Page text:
Friday, May 28, 2010


As expected, the new Conservative-Liberal Democrat coalition government has made an immediate impact, with twenty two new bills introduced during the Queen’s speech.

I have already discussed the potential impact of one of most significant bills, namely the promise to raise income tax allowances so that “low and middle income employees’ will pay less than they do now. The long-term goal, over the course of this Parliament, is to take the first £10,000 of all individuals’ income out of tax.

What about the others?

As a result of devolution, some of the bills apply only to England. For example, the Academies Bill will only allow English schools to apply to become academies and gain independence from Whitehall control, whilst the Health Bill will only give increased power and responsibility to doctors and nurses in England.

However, there are also those bills that will apply across the whole of the UK and it is worth considering which of these will have an effect on the wellbeing of Wales and its economy.

For example, the Welfare Reform Bill aims to get more than five million people off benefits and back into work by simplifying the benefits system and introducing better incentives.

With recent studies showing that half of the top ten areas for claiming incapacity benefit in the UK are to be found in Wales – Merthyr Tydfil, Blaenau Gwent, Neath Port Talbot, Rhondda Cynon Taff and Caerphilly – this bill will have a significant impact in Wales. Indeed, as “A Change of Personnel” notes, any reform must take into focus on these in high benefit dependency areas to create real jobs and improves people’s skills in order to fully tackle the benefit trap that many individuals and families find themselves in.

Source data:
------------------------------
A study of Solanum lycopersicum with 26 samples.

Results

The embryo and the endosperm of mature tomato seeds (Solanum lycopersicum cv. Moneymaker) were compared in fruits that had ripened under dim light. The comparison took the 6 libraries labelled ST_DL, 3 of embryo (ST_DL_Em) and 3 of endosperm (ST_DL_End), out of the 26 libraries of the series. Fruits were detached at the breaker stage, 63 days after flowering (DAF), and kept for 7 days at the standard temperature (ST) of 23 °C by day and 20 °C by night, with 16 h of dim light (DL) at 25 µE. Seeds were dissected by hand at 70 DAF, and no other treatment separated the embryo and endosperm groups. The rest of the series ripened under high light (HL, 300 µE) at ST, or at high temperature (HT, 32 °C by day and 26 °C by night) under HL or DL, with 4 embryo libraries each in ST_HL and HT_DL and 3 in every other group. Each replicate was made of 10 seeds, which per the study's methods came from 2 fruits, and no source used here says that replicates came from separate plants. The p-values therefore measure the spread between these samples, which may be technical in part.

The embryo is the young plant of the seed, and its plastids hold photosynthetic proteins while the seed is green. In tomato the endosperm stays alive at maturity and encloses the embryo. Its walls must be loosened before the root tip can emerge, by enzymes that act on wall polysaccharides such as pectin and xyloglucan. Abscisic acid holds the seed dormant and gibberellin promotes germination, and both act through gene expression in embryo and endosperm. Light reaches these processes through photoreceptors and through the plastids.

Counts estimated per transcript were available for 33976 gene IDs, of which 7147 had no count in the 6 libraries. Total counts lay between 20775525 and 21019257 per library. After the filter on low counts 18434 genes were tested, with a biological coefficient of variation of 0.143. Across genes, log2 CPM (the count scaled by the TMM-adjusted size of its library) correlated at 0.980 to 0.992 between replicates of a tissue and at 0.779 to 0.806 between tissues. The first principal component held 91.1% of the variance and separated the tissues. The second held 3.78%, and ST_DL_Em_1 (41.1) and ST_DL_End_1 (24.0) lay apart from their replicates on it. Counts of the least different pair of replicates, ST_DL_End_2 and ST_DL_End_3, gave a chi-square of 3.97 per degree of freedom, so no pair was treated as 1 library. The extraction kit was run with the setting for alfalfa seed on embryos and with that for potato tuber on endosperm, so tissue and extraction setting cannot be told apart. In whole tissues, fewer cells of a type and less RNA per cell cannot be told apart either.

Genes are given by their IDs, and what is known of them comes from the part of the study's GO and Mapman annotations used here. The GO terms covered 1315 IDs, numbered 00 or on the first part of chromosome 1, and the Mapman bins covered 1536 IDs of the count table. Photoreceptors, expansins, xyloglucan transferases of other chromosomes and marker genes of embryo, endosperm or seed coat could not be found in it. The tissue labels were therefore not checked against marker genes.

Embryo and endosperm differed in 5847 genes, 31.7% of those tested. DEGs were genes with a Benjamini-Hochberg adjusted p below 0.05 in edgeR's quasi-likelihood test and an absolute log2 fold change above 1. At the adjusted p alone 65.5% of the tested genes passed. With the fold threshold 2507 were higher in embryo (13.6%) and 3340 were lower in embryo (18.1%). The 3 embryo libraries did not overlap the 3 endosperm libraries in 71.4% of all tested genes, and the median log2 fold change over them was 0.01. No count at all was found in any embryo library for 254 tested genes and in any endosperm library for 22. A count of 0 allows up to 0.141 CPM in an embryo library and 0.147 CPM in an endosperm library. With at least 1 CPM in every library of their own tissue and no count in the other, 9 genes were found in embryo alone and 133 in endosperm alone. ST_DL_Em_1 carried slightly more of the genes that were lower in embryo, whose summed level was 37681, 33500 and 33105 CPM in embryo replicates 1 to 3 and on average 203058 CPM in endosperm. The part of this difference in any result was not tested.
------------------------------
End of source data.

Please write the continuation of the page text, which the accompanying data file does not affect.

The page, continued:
Given that hundreds of millions of pounds are already being spent via initiatives such as Communities First and other Convergence Funded programmes, there must be greater co-operation between the Department of Work and Pensions and the Welsh Assembly Government (WAG) to ensure joined up thinking over this critical issue.

Wales also has the potential to benefit from the energy bill and the creation of a £2 billion green investment fund but only if we get our act together over renewable energy, particularly in supporting businesses that are developing micro-generation products.

To date (and excuse the pun) there has been a lot of hot air about supporting green businesses in Wales, despite the presence of excellent exemplars such as G24 Innovations in Cardiff and Dulas in Machynlleth. If WAG is serious about exploiting the potential of a green investment fund, then it must begin to put some significant amounts of support behind the activities of companies within the low carbon sector.

The promise to ensure that high speed broadband is to be made available to millions of people living in remote parts of the country should also ensure that many parts of rural Wales become more accessible to businesses, especially those operating in the digital and low carbon economy. The question is how Wales can lobby within Westminster to ensure that we become one of the first areas in which this new programme is rolled out across the UK?

Certainly, there should be an advantage in having the MPs for the two main constituencies of Mid-Wales currently sitting on the government benches.

Therefore, after only two weeks, the new Government has already developed legislation that can have a real effect on Wales.

However, for those bills related to welfare, broadband and green technologies, it is critical that there is greater joined up thinking between Cardiff Bay and Westminster to ensure that these work for the benefit of Wales.

If there is not and WAG continues to focus on petty political point scoring against the new Secretary of State, then it will be a real wasted opportunity for this nation.